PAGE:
Hello, friends! I hope you had a good Valentine’s weekend.
We just got back from a lovely trip to Utah, where my family lives. As you can imagine, the Dan was thoroughly spoiled by his aunt and grandparents.
He also learned how to eat Cheerios, and now he won’t stop shoveling them into his mouth. I’m not complaining, though, because they made our 2.5-hour flight home a breeze.
In addition to fun family times, I was also in Provo for Life, the Universe, and Everything (LTUE), an academic symposium on science fiction and fantasy. If you’re into writing in those genres and have the resources to get to Provo in February, I highly recommend it. This was my second year attending, and I learned so much about writing and publishing.
I could tell you guys all about the magnificent learning experiences I had at LTUE, but we all know that’s not why you read my blog. Instead I’m going to tell you about my painfully awkward experience with Shannon Hale. This type of thing is why I love writing so much—when I’m busy writing, I don’t have to interact with people.
On Saturday, I thought it might be fun to take a break from furious note-taking by sitting in on a live recording session of my second favorite podcast, Writing Excuses (again, if you write genre fiction, you really need to be listening to this. I’m just plugging all kinds of things today). It was interesting, but I soon found myself zoning out and scribbling in my notebook. As I was doodling, a woman asked if the empty seat next to me was taken.
I thought for a moment, and then remembered the chair’s previous occupant muttering about having to leave early, so I told the woman to go ahead and take it. Then I turned back to my notebook.
During a break, people kept coming up to chat with my neighbor, asking her if she was going to be at Comic Con and if they could take selfies with her. I realized she must be a panelist, but I couldn’t remember having seen her before. I peeked at her name tag—and sure enough, I was sitting next to Shannon Hale.
Shannon Hale is
kind of a big deal. She was actually one of the Guests of Honor. I’m not a passionate fan of her books (and in fact, I skipped her keynote address to run back to my parents’ house and feed the Dan), but they’re enjoyable, and similar to the kinds of books I’d like to write someday (light, YA fairy-tale-type stories). I probably should have recognized her, but in my defense, her hair was lighter and shorter than it was in her picture in the program:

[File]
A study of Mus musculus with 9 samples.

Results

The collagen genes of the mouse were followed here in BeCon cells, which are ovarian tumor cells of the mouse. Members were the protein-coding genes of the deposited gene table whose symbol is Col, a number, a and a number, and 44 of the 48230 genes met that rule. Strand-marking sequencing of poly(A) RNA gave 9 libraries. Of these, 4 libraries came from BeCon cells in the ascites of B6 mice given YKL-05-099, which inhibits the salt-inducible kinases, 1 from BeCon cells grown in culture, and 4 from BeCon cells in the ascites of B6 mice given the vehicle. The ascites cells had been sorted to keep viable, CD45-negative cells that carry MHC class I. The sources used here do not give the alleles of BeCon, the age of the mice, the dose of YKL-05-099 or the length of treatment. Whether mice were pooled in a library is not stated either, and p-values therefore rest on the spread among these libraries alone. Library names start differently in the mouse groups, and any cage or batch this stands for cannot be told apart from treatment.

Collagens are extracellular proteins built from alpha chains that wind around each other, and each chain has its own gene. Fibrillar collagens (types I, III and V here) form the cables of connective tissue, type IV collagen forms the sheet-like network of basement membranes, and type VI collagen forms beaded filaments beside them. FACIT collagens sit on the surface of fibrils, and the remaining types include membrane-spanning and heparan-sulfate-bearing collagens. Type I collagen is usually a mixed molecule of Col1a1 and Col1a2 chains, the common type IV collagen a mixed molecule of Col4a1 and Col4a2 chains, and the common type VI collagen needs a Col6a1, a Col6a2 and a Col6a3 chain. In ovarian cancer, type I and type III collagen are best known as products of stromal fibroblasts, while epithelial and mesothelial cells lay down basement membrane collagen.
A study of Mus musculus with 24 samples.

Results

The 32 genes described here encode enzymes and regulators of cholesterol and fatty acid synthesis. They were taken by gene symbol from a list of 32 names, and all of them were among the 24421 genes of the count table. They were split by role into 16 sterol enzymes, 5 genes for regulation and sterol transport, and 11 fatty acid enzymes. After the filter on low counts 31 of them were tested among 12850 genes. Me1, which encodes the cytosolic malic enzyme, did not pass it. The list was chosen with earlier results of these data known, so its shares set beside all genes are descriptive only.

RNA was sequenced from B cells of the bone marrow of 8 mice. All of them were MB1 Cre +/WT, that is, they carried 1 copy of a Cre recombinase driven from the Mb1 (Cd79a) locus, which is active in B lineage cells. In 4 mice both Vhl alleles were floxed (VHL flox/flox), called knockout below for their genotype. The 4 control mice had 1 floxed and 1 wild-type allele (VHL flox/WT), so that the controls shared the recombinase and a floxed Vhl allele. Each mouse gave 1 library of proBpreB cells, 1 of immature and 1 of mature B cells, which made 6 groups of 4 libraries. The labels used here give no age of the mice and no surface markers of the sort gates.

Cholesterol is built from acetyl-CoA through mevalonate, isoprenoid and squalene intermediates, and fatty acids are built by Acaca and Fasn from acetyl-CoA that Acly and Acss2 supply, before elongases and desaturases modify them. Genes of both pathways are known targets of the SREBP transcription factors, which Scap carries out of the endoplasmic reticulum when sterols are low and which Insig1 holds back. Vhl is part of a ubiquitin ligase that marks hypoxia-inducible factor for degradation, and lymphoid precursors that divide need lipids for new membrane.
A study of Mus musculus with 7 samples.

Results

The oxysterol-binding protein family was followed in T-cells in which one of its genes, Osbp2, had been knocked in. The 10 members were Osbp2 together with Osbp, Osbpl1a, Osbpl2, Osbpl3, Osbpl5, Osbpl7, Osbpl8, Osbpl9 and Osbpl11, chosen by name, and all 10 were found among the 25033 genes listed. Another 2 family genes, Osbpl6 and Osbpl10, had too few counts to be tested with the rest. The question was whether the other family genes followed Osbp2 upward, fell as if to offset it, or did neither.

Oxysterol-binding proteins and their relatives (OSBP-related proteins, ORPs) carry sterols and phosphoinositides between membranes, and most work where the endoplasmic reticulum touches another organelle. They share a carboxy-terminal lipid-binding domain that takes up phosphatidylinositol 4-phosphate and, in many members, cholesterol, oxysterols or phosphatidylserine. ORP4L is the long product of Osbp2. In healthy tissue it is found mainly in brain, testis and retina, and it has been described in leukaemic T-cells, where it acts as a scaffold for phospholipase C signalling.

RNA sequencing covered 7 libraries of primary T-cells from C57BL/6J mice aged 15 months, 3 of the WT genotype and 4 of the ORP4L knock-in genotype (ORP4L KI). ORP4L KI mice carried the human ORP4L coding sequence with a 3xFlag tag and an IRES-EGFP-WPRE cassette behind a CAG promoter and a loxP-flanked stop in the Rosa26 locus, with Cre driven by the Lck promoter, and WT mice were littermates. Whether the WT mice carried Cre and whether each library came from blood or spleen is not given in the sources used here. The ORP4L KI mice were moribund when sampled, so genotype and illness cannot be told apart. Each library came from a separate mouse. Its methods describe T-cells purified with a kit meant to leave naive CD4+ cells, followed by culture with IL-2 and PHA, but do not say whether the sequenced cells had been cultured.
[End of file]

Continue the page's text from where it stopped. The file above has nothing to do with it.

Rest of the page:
Suddenly I felt very awkward. Shannon Hale was sitting next to me, and I had all but snubbed her. Now that I knew who she was, I couldn’t just ignore her and doodle. Here’s a bit of my thought process.
“Maybe I should say something to her.”
“Why on earth would I do that? I don’t talk to people!”
“I’m at a con. People come to cons to talk to people.”
“This isn’t that type of con. I didn’t come here to kiss up to famous people.”
“I came here to network. This is kind of like networking.”
“But not really.”
“Come on, this is a neat opportunity.”
“What do I say? ‘I’ve only read two of your books and they were a’ight, and I’ve just ignored you for the past twenty minutes because I ditched your keynote and didn’t know who you were. But you seem pretty cool, so let’s take a selfie’?”
“For the love of all that is Mike, do not say that to Shannon Hale. And who says ‘a’ight’ anymore?”
As I dithered, Tom pointed out that a panel I’d been interested in was about to start. I took my opportunity to escape.
“Sounds good. Let’s go.”
“Yes, let’s go! Now!”
Tom seemed a little surprised at my urgency, but he rolled with it. We packed up our stuff, squeezed past Shannon Hale, and booked it out of there.
And that’s the story of how I
almost met ran away from Shannon Hale at a writing conference. Ms. Hale, if by some bizarre chance you happen to read this, I’m sorry. From one Jane Austen fan to another, “Tallyho!”